MLB.com Columnist

Lyle Spencer

Upton prevails in crucial battle with Greinke

Upton prevails in crucial battle with Greinke

SAN DIEGO -- The game doesn't get any better than this. That's what Padres manager Bud Black was thinking as he watched Justin Upton prevail in a thrilling duel of stars with the Dodgers' Zack Greinke on Saturday night.


This is what Padres general manager A.J. Preller had in mind when he acquired Upton from the Braves over the winter to pair him up with Matt Kemp in the heart of a revitalized lineup.

"That's what makes the game fun," Upton said. "I think if you ask most guys, they enjoy those situations. They want to be up there."

From where he was standing, breathlessly taking it all in, Black couldn't have been more thrilled to see his left fielder come through in one of those moments great players make their own.

"You look at Greinke, and you look at Upton," Black said. "You're talking about All-Star performers. Those guys are thriving in those moments, both ways: two high-caliber players in a very intense situation.

"Greinke throws a 3-1 slider, a great pitch, and Justin swings and misses. Then he throws a 3-2 slider, and Justin gets it. That's what makes the game great -- when two very good ... two great players are matched."

In front of a festive sellout crowd numbering 43,525, the Padres struck first, in the first. Will Venable doubled and scored with two down on a slow roller by Kemp that Greinke -- the 2014 NL Gold Glove Award-winning pitcher -- chucked wildly past first for just the sixth error of his career.

Yasmani Grandal, the former Padres catcher, crushed a tying homer to right in the third. The Dodgers didn't get another man in scoring position the rest of the night as Greinke used his guile to escape jams in the fifth and seventh innings.

Dodgers manager Don Mattingly let Greinke, a 2014 NL Silver Slugger Award winner, bat in the seventh, and he flied out. Greinke's bid to end a winless drought now spanning seven starts ended with Upton's stroke of fortune.

A .391 career hitter against Greinke in 23 at-bats coming into the game, Upton had a hit taken away in the sixth on a sprawling stab by shortstop Jimmy Rollins for a force at second. In his other two at-bats, Upton had grounded out and struck out.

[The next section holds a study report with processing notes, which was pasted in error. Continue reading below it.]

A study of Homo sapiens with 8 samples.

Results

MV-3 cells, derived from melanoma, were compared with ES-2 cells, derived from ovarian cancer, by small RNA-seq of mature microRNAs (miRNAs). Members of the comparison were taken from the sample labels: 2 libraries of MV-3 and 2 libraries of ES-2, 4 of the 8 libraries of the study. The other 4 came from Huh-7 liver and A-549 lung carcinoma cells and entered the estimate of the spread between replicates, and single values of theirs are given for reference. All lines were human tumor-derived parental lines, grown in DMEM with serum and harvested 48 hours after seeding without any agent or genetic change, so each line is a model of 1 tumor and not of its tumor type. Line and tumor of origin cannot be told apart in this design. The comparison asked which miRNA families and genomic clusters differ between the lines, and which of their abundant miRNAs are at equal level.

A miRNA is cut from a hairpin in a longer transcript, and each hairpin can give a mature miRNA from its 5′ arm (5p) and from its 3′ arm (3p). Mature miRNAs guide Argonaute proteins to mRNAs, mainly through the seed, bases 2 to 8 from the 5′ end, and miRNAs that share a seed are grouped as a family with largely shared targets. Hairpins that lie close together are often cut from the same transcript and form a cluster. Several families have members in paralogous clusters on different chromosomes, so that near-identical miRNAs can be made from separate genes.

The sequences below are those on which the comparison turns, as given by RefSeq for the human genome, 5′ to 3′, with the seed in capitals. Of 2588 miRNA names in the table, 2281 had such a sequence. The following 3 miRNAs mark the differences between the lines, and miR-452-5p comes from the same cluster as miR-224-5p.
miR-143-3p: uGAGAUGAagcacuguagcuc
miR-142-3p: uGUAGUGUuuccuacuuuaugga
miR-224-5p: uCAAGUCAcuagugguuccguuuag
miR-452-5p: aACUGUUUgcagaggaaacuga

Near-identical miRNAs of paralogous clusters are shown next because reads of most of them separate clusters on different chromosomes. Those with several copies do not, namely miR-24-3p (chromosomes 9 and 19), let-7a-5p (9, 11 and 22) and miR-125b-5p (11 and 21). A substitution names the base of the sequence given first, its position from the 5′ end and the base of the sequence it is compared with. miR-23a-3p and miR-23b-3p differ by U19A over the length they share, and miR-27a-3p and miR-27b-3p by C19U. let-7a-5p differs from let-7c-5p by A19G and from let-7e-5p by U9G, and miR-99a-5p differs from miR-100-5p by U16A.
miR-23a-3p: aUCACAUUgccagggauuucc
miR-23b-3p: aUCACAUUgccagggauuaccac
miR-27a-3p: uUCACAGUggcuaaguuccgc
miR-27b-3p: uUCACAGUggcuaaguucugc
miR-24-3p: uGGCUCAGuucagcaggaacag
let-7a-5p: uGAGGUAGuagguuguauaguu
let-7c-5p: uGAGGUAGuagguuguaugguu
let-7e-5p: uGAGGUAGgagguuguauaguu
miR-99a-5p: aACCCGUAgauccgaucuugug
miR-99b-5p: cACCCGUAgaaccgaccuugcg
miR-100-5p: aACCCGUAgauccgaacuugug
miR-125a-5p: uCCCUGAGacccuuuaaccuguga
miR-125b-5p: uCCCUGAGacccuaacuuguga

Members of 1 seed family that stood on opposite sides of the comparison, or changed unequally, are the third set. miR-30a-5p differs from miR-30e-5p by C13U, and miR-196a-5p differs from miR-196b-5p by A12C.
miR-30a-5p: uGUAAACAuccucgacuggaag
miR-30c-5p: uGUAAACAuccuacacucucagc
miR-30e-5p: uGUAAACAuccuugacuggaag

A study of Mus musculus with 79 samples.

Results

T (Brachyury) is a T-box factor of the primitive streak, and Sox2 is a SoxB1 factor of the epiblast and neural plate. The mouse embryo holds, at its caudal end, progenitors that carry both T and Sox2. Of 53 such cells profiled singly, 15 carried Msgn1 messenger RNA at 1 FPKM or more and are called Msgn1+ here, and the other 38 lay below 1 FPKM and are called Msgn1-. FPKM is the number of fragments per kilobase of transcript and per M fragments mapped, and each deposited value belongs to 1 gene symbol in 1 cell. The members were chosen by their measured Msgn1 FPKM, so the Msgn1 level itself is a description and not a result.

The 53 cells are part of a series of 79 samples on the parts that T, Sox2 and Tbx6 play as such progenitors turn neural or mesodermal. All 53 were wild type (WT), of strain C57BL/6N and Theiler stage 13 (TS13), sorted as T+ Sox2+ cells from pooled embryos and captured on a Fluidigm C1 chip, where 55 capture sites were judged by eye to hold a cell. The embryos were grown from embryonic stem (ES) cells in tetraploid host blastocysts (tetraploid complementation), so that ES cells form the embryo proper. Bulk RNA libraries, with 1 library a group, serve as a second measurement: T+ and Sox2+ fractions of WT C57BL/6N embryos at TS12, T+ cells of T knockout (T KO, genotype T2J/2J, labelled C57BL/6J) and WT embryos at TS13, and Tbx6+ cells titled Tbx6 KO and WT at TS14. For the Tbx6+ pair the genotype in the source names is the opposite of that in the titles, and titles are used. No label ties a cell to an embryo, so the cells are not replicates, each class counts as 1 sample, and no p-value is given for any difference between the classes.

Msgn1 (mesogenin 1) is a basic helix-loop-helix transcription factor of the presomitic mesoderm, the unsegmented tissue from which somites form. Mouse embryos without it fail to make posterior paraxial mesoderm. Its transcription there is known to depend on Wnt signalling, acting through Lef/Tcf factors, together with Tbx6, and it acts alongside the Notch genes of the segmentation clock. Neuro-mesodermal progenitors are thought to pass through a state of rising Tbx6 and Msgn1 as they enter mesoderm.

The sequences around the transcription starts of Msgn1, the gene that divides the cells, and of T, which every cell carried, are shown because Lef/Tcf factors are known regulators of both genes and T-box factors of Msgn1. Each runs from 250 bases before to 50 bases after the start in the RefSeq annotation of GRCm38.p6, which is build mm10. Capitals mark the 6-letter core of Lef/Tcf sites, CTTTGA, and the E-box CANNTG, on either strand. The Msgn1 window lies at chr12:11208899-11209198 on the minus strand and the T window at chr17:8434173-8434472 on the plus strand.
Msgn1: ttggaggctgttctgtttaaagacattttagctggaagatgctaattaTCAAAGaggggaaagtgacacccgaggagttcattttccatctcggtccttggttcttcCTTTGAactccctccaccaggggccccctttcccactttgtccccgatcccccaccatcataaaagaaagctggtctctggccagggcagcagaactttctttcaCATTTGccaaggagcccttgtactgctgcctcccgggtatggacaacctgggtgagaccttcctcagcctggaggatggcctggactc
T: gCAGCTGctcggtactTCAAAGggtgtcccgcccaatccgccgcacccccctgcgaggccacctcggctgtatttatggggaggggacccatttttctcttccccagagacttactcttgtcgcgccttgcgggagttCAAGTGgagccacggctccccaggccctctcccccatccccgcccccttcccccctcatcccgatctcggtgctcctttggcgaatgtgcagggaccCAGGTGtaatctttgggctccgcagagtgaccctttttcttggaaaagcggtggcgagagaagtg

"He'd kind of been around the edges, down around the knees, all day," Upton said. "I had to kind of wait him out and hope to get a mistake."

Greinke's slider got just enough of the hitting zone for a highly evolved hitter to launch it. Mistakes at this level can come by fractions of inches in location.

"I see him pretty decent," Upton said. "He's a good pitcher. He got the best of me for three at-bats. He had his slider going; he was throwing it for strikes. Same thing with his heater. He had everything going. He mixed it up and down."

Greinke is now 5-2 with a 1.95 ERA. In all likelihood, he'll join Upton in Cincinnati for the July 13 All-Star Game, representing the NL. Until then, they'll be busy trying to take care of business in a stacked division very much up for grabs, with the defending World Series-champion Giants always a threat to get hot and take flight.

The Padres will need more efforts such as this one to hang with the other two California clubs, but the talent clearly is there to make it happen.

"Granted, we're still trying to break through and climb over .500," Black said. "We've had a number of wins in the early season that were huge -- and this was another one."

Kennedy, whose season began with a hamstring strain, showed off the kind of stuff that can make him a force in a potentially dynamic rotation. The bullpen is deep, with no better finisher in the game than Kimbrel, the former Brave.

The ninth inning opened with Yasiel Puig winning a stirring eight-pitch confrontation with the Padres' closer by banging a 97 mph heater through the middle for a single.

Up came Adrian Gonzalez, a .326 hitter against his former club who had been ejected on Friday night in a dispute over balls and strikes. Kimbrel got him to tap a breaking ball back to the mound for a textbook double play nicely turned by shortstop Alexi Amarista.

When Howie Kendrick waved at a two-strike breaking pitch, Petco Park erupted.

Twenty-four hours after the Dodgers had seized the series opener with a late rally, those familiar "Beat L.A.!" chants were answered with one Justin Upton swing.

Lyle Spencer is a national reporter and columnist for MLB.com. Follow him on Twitter @LyleMSpencer. This story was not subject to the approval of Major League Baseball or its clubs.